Two men tied to Householder corruption probe plead guilty
Former Ohio House Speaker Larry Householder, at podium. Photo from Ohio House website.
Two men charged alongside former GOP House Speaker Larry Householder in an alleged racketeering operation channeled through the Ohio Statehouse pleaded guilty to one felony federal charge each Thursday afternoon.
The pleas mark the first known convictions in the Householder affair and an early victory for prosecutors. They also raise the possibility of the men testifying against remaining defendants in exchange for a more lenient sentencing.
Both FirstEnergy lobbyist Juan Cespedes, 41, and Householder’s longtime political strategist, Jeff Longstreth, 44, pleaded guilty in a video conferenced hearing in U.S. District Court in the Southern District of Ohio. They face up to 20 years in prison and up to $250,000 in fines.
U.S. District Judge Timothy Black indicated he would hold off on sentencing the two until the cases against other alleged conspirators are resolved.
Cespedes and Longstreth originally pleaded not guilty this summer after federal prosecutors accused them of working within a $61 million operation to take money from an unnamed company believed to be FirstEnergy Corp. They then used the funds to ensure the passage of legislation to bail out two nuclear plants formerly owned by a company affiliate, now known as Energy Harbor.
Members of the “enterprise,” as prosecutors referred to it, are said to have enriched themselves personally and politically, and used the funds, through different middleman entities, to help elect a slate of candidates perceived as likelier to support the legislation. Prosecutors estimate the bailout to be worth as much as $1.6 billion for FirstEnergy.
They also allegedly used the money to thwart a ballot referendum seeking to reverse the legislation, which tacks fees on energy ratepayers and businesses to fund the bailout. It also guts clean energy standards, subsidizes coal and solar plants around the state, and more.
Longstreth, according to facts set forth in the plea deal, organized Generation Now, a dark money group used as a pass-through for FirstEnergy funds, at Householder’s behest to benefit him and the enterprise.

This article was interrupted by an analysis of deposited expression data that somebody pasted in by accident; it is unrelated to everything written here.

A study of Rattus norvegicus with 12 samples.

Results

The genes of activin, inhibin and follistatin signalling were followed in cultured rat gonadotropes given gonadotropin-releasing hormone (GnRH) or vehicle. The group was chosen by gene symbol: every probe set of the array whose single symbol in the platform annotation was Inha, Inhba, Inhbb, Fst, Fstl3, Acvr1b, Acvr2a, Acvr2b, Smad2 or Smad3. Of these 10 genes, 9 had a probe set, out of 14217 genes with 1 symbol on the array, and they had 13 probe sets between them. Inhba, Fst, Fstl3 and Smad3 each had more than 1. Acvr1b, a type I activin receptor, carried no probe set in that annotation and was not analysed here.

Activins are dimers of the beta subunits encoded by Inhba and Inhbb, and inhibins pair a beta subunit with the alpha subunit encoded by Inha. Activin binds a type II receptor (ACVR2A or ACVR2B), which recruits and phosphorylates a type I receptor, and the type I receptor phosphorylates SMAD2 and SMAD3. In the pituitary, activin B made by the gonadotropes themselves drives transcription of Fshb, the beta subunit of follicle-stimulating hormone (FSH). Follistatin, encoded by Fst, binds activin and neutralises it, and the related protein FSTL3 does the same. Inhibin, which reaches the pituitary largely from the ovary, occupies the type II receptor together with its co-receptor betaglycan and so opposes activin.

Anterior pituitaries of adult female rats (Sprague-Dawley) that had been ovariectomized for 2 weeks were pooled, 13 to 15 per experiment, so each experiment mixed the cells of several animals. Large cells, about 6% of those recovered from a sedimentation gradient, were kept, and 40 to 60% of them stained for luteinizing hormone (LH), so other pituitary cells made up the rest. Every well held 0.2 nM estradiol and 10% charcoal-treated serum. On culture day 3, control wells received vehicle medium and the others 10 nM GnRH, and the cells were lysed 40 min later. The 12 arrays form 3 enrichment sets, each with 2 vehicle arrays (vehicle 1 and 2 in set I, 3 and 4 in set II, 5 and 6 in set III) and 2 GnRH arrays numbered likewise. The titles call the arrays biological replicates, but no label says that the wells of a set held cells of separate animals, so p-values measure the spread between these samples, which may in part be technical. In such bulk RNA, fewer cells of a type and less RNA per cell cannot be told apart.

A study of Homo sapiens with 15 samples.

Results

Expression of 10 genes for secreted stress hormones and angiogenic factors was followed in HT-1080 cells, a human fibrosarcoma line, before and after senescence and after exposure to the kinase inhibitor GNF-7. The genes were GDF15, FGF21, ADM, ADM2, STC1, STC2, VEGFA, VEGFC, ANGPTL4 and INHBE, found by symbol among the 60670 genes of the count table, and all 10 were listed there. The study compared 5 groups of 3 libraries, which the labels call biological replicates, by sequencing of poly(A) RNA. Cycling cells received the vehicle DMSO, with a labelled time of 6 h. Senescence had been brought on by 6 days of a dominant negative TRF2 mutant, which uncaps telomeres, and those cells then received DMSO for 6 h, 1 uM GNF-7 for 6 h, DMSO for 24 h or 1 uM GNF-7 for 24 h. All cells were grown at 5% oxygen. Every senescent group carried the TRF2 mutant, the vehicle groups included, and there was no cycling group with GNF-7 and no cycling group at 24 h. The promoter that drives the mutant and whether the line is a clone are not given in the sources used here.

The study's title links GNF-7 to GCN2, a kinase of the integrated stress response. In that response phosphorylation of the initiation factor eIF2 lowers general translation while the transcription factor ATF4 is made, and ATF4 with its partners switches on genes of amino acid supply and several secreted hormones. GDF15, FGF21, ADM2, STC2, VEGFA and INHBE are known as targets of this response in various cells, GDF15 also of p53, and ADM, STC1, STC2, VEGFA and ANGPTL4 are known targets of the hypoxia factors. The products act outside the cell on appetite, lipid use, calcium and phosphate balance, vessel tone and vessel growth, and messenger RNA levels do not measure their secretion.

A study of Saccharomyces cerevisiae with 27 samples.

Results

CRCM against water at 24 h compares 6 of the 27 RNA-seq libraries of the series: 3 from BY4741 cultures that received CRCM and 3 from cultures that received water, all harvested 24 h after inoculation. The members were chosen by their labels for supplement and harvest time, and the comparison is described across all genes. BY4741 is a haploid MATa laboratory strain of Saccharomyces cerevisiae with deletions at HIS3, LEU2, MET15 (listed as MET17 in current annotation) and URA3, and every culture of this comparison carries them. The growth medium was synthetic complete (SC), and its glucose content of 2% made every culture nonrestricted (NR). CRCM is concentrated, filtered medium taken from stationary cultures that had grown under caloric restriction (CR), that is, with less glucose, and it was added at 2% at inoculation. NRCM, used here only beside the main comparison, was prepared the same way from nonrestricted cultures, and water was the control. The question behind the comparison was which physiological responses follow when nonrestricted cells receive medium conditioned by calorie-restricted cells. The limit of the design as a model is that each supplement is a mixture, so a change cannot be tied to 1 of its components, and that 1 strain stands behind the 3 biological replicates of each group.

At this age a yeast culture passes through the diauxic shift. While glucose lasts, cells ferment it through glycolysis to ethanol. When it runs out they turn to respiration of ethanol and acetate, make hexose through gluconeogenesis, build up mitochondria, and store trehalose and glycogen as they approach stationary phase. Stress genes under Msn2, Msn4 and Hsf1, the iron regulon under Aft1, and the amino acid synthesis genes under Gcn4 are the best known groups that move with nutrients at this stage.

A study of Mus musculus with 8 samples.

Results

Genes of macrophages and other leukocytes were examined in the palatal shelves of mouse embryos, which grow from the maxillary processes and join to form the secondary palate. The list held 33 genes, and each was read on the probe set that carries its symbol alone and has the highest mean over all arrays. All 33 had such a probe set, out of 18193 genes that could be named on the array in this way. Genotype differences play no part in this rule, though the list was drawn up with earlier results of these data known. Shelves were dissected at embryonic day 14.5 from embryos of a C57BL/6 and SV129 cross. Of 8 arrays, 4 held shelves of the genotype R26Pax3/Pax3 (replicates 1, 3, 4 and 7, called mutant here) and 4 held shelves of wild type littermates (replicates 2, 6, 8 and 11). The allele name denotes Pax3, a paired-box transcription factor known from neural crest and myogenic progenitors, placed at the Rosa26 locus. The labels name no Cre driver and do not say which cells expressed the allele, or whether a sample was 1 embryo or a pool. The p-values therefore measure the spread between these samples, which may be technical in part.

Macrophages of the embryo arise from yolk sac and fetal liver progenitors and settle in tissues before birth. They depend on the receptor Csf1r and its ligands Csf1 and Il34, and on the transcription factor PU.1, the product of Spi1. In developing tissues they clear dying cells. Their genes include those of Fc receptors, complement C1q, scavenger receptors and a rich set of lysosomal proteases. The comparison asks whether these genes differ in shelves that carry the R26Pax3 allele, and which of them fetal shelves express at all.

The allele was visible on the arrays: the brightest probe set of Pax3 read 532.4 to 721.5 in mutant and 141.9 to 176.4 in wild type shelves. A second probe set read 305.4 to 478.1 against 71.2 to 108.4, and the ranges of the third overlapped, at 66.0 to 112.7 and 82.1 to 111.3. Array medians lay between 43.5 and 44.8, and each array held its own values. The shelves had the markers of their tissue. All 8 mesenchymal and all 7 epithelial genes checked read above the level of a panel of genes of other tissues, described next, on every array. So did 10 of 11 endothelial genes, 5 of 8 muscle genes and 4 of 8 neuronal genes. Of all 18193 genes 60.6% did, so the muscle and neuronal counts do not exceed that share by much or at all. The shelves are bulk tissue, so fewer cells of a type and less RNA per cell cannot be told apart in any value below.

His attorney did not return a request for comment.
Cespedes, per facts set forth in his plea deal, orchestrated payments from FirstEnergy to Generation Now, “in return for specific official action by Householder.”
Cespedes’ attorneys, Kaitlyn Stephens and Mark Collins, released a statement claiming their client pleaded guilty because after reviewing the prosecution’s evidence, “he realized he aided in the Householder conspiracy that was longstanding in existence two years prior” to his involvement.
They declined further comment.
Charging documents show federal prosecutors believe FirstEnergy began bankrolling Householder’s enterprise in March 2017.
Lobbying records show Cespedes registered as a lobbyist for FirstEnergy Solutions in May 2018. He registered to lobby for Energy Harbor in March 2020.
The plea agreements do not expressly indicate that either Cespedes or Longstreth will act as government witnesses. However, according to Case Western Reserve University law professor Michael Benza, this is typical in prosecutions that are still underway.
He said prosecutors are likely hoping the two can provide information to secure convictions of a bigger fish like Householder.
“Typically, the government starts wherever they get their entrance into an organization,” he said. “They start as low as they can and try to rise up the hierarchy.”
Entities like Generation Now, known as 501c(4) “social welfare” organizations, can be used to obfuscate the origins of political spending as they are not required to disclose their donors.
Along with Householder, Longstreth and Cespedes, contract lobbyists Neil Clark and Matt Borges were charged in the scandal as well. Clark, Borges and Householder have all pleaded not guilty.
U.S. Attorney for the Southern District of Ohio David DeVillers suggested in July that more charges could come from the investigation. In a statement Thursday, he said the investigation remains ongoing and declined further comment.
FirstEnergy has not been charged with any crime. However, Cespedes’ conviction inches the prosecution closer to FirstEnergy. The company, through a spokeswoman, declined to comment.
The company fired its CEO Charles Jones and two other executives Thursday, according to a news release issued after the hearings. It did so after an internal review “related to the government investigations” found the executives violated “certain FirstEnergy policies and its code of conduct.”
The guilty pleas were submitted five days before an election. The man at the center of the conspiracy, Householder, is up for reelection in Perry County. While he was dethroned as speaker, House Republicans, who control the chamber, voted against expelling him from his seat.
Householder’s attorneys did not respond to inquiries.
Legislation has been introduced to repeal House Bill 6, the bailout legislation, though it has yet to come up for a committee or floor vote, despite tremendous pressure since Householder’s July arrest.
Meanwhile, lawsuits have poured in against FirstEnergy relating to the scandal from Ohio Attorney General Dave Yost, two of Ohio’s largest cities, and company investors.
Rep. Dave Leland, D-Columbus, said in a statement the plea deals show the General Assembly must repeal HB 6.
“Today’s plea deals affirmed what was already widely accepted to be true — that a crime was committed in the passage of HB 6,” he said. “But it’s little comfort to Ohioans to hear about criminal convictions while the product of those crimes, legislation taking over $1 billion out of their pockets and giving it to energy corporations, is still law today because of Republican leadership.”